This review is part of the No Man’s Land Reading Project, an attempt to right a gendered imbalance in my reading and a general imbalance in the availability of reviews (by men, especially) of works by female authors.
A few weeks ago in a review of Anne Enright’s short story collection The Portable Virgin I made this observation: “[Short story collections seem] like something a publisher dreamt up because it was the only way to monetise that facet of their asset’s talent. And while there may be exceptions to the rule, just generally [the collection] seems antithetical to the [short story] form.” Every review I write is cross-posted on my friend and editor Zoya Patel’s excellent feminist arts and literature journal Feminartsy, and when I sent the review containing that comment to her she responded, “there was a time I would have agreed with you, but that was before I read Maxine Beneba Clarke’s Foreign Soil, which told me that an author setting out specifically to create a collection of short stories that will be published together can create a real masterpiece in balance, tone, and thematic connections.”
First of all, I consider myself incredibly lucky to count Zoya among my friends (and editors), and if you aren’t paying attention to Feminartsy yet, you should start doing so now. (This is obviously not relevant to you if you are reading the cross-posted version of this review on Feminartsy. I congratulate you for being here.)
Secondly, upon reflection, I think it’s truer to say there are two kinds of short story collection, rather than one with exceptions, and that the other kind of short story collection is the one described by Zoya with reference to Foreign Soil by Maxine Beneba Clarke (which I have not read and which I very much intend to read). It is a short story collection which the author embarked upon as a deliberate, complete undertaking in its own right, which succeeds as much for the sum of its parts as for the parts themselves. Having not read many short story collections myself, it could turn out to be the case that this kind of collection is in the majority, but in my own reading I would count only two such titles in that class: The Thing Around Your Neck by Chimamanda Ngozi Adichie, and Learning by Heart by Margot Livesey.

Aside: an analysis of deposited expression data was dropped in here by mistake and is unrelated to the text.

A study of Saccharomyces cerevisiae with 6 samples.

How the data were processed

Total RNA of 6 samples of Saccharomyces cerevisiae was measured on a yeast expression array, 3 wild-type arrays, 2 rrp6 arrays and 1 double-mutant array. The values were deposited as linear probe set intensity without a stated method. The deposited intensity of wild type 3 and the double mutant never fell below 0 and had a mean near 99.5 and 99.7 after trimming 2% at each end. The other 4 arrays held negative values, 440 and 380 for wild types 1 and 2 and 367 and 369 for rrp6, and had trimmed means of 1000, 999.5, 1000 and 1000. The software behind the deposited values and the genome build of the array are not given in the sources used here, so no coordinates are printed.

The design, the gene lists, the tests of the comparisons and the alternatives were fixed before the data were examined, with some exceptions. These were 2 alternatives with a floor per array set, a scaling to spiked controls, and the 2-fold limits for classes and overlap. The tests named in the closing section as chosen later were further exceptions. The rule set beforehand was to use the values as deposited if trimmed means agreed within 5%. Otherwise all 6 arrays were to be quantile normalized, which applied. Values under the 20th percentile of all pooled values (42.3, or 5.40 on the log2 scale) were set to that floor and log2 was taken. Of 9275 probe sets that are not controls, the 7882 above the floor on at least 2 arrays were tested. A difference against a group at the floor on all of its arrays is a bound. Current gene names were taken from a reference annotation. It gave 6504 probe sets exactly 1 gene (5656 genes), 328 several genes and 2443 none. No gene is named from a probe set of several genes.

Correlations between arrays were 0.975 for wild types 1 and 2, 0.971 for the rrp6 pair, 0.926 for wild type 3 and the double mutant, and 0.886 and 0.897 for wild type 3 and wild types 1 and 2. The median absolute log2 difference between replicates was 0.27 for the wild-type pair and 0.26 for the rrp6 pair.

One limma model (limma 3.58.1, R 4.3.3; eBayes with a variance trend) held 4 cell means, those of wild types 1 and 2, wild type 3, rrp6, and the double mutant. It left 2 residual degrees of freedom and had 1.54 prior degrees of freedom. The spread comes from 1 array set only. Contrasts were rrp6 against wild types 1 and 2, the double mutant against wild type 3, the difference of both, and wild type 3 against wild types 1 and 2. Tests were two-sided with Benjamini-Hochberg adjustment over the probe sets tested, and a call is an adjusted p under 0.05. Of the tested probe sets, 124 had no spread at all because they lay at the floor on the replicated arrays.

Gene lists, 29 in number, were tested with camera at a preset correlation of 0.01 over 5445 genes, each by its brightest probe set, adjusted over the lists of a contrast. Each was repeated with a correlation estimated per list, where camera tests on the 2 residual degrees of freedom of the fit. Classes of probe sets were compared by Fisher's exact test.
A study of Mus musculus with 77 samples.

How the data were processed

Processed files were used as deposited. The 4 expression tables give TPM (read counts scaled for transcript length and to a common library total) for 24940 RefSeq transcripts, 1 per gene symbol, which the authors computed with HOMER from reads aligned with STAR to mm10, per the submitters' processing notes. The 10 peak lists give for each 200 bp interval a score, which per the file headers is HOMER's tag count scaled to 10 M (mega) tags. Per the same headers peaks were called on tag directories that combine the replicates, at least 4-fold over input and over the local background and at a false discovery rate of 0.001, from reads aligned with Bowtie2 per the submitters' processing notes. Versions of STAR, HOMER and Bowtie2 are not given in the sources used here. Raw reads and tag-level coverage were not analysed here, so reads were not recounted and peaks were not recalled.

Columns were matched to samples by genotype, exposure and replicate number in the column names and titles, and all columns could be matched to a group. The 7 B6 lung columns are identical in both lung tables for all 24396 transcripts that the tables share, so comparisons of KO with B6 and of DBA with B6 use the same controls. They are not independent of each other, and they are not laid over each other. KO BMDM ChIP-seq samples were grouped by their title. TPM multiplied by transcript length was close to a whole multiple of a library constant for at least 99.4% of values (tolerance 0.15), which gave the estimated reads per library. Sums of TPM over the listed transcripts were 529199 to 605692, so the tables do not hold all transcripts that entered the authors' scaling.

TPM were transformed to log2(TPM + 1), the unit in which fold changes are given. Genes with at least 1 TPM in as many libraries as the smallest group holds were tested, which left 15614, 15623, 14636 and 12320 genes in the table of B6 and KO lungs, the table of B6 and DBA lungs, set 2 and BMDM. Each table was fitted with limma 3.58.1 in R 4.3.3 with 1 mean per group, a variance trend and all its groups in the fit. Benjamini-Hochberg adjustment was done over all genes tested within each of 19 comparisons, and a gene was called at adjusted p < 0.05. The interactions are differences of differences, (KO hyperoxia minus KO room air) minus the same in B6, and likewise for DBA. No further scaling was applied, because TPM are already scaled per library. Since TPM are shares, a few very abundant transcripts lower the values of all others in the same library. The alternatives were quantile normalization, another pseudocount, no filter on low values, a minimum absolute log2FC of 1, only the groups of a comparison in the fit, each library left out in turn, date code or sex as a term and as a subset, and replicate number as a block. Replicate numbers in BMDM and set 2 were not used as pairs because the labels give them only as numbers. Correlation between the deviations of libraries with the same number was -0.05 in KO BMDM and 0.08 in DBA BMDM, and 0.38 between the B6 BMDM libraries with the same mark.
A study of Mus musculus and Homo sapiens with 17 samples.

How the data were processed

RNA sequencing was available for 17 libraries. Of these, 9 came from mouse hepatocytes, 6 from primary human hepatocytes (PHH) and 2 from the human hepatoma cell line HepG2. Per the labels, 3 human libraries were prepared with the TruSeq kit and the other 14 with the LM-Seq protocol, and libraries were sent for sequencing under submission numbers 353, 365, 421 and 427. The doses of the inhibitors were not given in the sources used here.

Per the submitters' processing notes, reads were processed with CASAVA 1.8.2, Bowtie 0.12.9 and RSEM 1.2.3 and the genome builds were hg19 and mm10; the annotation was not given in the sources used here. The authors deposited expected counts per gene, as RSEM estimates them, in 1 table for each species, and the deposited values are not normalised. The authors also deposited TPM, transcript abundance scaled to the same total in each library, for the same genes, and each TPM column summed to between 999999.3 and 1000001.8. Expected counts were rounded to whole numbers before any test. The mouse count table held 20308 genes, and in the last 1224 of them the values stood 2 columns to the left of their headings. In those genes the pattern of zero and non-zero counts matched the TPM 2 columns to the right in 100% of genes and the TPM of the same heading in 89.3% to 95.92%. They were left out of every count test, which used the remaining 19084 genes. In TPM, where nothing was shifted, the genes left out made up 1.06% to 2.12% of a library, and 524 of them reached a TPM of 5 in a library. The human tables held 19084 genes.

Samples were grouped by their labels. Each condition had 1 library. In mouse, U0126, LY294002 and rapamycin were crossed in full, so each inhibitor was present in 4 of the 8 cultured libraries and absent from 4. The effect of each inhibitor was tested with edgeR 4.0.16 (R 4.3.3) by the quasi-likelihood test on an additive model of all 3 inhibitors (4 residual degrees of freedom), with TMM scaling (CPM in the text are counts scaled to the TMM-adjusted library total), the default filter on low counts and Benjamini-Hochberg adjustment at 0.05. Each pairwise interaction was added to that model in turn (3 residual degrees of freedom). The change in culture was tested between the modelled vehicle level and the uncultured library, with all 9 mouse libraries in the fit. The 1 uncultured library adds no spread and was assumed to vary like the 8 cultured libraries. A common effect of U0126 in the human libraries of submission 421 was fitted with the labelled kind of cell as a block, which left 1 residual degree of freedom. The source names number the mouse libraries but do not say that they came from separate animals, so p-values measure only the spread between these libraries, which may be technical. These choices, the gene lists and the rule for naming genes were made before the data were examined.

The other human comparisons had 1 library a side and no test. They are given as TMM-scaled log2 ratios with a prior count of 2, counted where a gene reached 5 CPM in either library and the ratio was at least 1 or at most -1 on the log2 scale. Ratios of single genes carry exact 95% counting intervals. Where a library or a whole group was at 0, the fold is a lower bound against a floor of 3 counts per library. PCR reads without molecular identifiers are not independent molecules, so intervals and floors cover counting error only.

At a line-by-line level, the stories in Learning by Heart do not appear to be ripe with subtext. Livesey’s style is linear and unadorned – she begins a story with a clear main character and follows them a while, unfolding their behaviour chronologically with a hand that never wavers or leaps. I don’t mean to say that Livesey is not a brilliant writer; to give you an idea of her strengths, I very often dog-ear my books to mark pages on which I find a phrase or scene that captivates me, and I didn’t dog-ear a single page of this book. Rather than a fixation with moments, Livesey’s stories provoked in me, again and again, a sense of complex, subtle wholeness, reminiscent of … well, of life. This might seem boring or old-fashioned to some readers, but to me it felt masterful, reminiscent of short stories by Elizabeth Taylor.
In Umbrellas, the presence and absence of a single umbrella sows a subtle, unspoken distrust between friends. In A Small Price, a woman explores her sexual relationship with a man who keeps her at arm’s length emotionally yet plies her with money. In Peter and the Asteroids, a man named Peter, who never arrives, stokes odd tensions in a group of London exes and friends with the news that he is coming back. In A Story to be Illustrated by Max Ernst, a man’s myopic devotion his male employer precludes him from accepting love of his own. And in the title story, two stories are told in tandem, the first from the perspective of a girl growing up in a small Scottish town riddled with classism, and the second, many years hence, from the perspective of her stepdaughter, as she reflects on the unpleasantness of the woman she knew and tries to make sense of it.
There’s something totally remarkable about reaching the end of a short story collection and realising you do not have a favourite. There is something so plain and humane, yet crafted and conscious, in every one of these stories, that the sum of them is worth hours of discussion. You would, it seems to me, be discussing real people, and would find them just as obvious and ambiguous, depending on which aspect of them you addressed. Sure, these folks are very white and very Western (in a Scottish-English, late twentieth century sort of way), but Livesey really does see and understand them in a way that transcends didacticism. It’s coming to the pointy end of 2015 and I have begun to think about highlights of my reading project – Learning by Heart is a late but definite inclusion.